The intangible costs that Delhi’s dirty air carries for a slowing economy

By Vrishti Beniwal

Flight disruptions, fewer tourists, lost work hours and missed school days have come to portray India’s struggles with toxic air quality in its capital city, and the intangible costs may be adding up for an economy grappling with a sharp slowdown.

India’s losses from air pollution increased more than four times to $560 billion between 1990 and 2013, according to the World Bank, which attributed the economic burden to the rising costs of public health-care and workforce disruption. Pollution is now being counted among the hidden costs like repelling top corporate talent, according to analysts and industry lobby groups.

“This feeds into the broader economic environment,” said Hemant Shivakumar, a New Delhi-based senior analyst at Control Risks that advises clients on political and security risks. “If the air pollution escalates year after year and there’s no response then it’s likely to send investors a different message.”

Prime Minister Narendra Modi’s government deployed 300 field teams to curb pollution after it reached record levels earlier this month, as winds carried smoke from farm stubble burning in areas around New Delhi. Despite the measures and the state government imposing restrictions on use of private vehicles, pollution levels remain a cause for concern in the capital city of what was until recently the world’s fastest-growing major economy.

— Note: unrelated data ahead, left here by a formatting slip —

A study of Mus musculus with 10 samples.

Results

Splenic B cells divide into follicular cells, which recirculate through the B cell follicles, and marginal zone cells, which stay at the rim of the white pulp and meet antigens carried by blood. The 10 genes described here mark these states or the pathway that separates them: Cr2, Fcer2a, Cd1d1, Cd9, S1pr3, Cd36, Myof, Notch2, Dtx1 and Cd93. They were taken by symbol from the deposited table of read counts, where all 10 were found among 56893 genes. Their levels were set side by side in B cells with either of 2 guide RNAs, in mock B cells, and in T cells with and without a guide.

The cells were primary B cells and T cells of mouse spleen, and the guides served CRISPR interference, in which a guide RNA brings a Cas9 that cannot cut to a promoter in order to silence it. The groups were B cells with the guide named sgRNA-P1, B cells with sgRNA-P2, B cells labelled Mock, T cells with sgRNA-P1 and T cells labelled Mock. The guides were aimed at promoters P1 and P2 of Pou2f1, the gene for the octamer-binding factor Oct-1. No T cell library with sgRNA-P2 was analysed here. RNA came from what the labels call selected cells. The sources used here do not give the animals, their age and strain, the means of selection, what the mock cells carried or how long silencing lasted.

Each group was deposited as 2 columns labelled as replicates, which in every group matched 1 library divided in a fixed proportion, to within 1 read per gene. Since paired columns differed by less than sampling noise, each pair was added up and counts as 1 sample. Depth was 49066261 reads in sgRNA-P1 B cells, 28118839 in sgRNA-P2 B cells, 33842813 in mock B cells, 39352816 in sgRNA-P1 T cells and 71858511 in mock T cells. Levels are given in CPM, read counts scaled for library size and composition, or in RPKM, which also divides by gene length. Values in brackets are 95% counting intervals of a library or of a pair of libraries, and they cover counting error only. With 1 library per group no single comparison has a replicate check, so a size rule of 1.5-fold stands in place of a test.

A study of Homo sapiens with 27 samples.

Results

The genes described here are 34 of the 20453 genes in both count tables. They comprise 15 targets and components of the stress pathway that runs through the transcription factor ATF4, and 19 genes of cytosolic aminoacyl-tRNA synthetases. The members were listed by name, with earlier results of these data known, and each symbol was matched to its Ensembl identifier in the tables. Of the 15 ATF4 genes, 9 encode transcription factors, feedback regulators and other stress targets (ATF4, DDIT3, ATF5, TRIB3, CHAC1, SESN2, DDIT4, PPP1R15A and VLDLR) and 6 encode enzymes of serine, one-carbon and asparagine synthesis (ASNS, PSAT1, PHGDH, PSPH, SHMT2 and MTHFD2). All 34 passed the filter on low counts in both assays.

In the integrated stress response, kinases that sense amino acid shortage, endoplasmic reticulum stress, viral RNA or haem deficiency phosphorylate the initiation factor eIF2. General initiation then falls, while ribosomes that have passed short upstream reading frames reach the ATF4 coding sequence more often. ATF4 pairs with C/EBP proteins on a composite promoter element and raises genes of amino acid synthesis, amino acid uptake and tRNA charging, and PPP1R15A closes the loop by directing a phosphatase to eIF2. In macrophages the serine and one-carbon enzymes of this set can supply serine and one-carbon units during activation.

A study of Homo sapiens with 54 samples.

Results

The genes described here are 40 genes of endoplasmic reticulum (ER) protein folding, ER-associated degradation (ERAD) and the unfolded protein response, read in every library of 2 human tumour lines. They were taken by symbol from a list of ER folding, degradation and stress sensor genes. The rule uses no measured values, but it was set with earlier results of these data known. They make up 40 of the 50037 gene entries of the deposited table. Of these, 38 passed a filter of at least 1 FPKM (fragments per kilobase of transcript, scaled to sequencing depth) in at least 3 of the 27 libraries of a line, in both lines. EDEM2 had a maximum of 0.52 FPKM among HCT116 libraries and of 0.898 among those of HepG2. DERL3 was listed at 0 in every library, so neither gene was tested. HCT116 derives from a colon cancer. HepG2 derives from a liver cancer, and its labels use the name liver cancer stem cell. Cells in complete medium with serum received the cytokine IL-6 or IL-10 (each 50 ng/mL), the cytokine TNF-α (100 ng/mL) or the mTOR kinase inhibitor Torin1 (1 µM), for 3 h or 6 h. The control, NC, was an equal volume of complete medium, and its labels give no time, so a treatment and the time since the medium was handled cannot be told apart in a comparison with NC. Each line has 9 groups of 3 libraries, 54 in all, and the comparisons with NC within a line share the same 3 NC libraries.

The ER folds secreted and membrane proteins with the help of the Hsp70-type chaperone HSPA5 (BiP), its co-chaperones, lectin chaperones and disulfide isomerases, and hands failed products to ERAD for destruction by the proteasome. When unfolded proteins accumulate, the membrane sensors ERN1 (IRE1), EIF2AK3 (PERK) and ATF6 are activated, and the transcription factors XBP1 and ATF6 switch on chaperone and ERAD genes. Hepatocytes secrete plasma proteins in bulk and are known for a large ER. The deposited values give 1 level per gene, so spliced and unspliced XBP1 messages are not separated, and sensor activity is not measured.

New Delhi’s air quality index, or AQI, improved to ‘poor’ on Monday from ‘severe’ last week. A reading above 400 is classified as severe and “affects healthy people and seriously impacts those with existing diseases,“ according to the Environment Ministry.

“It affects us all,” Frank Hans Dannenberg Castellanos, the ambassador of the Dominican Republic to India and the dean of the Diplomatic Corps, was cited as saying by the Press Trust of India. “This is a problem of major proportions to be solved” by the city and the federal government.

Pollution in the national capital could push talent to work in other cities in India or abroad, according to industry group the Associated Chambers of Commerce & Industry of India.

While gross domestic product growth slipped to a six-year low in the quarter ended June, air pollution adds another layer of challenge for the Modi government that’s taken several steps to boost the economy, although there are no signs of a quick revival so far.

“There are a number of economic detriments linked with Delhi’s ongoing pollution crisis,” said Natasha Mudhar, the chief executive of London-based business consultancy Sterling Global, and Founder of The World We Want, which is working toward achieving the United Nations’ Sustainable Development Goals. “Employers in the city are finding it increasingly hard to retain top-level executives and highly skilled workers who are looking to get out of the city and away from the hazardous air.”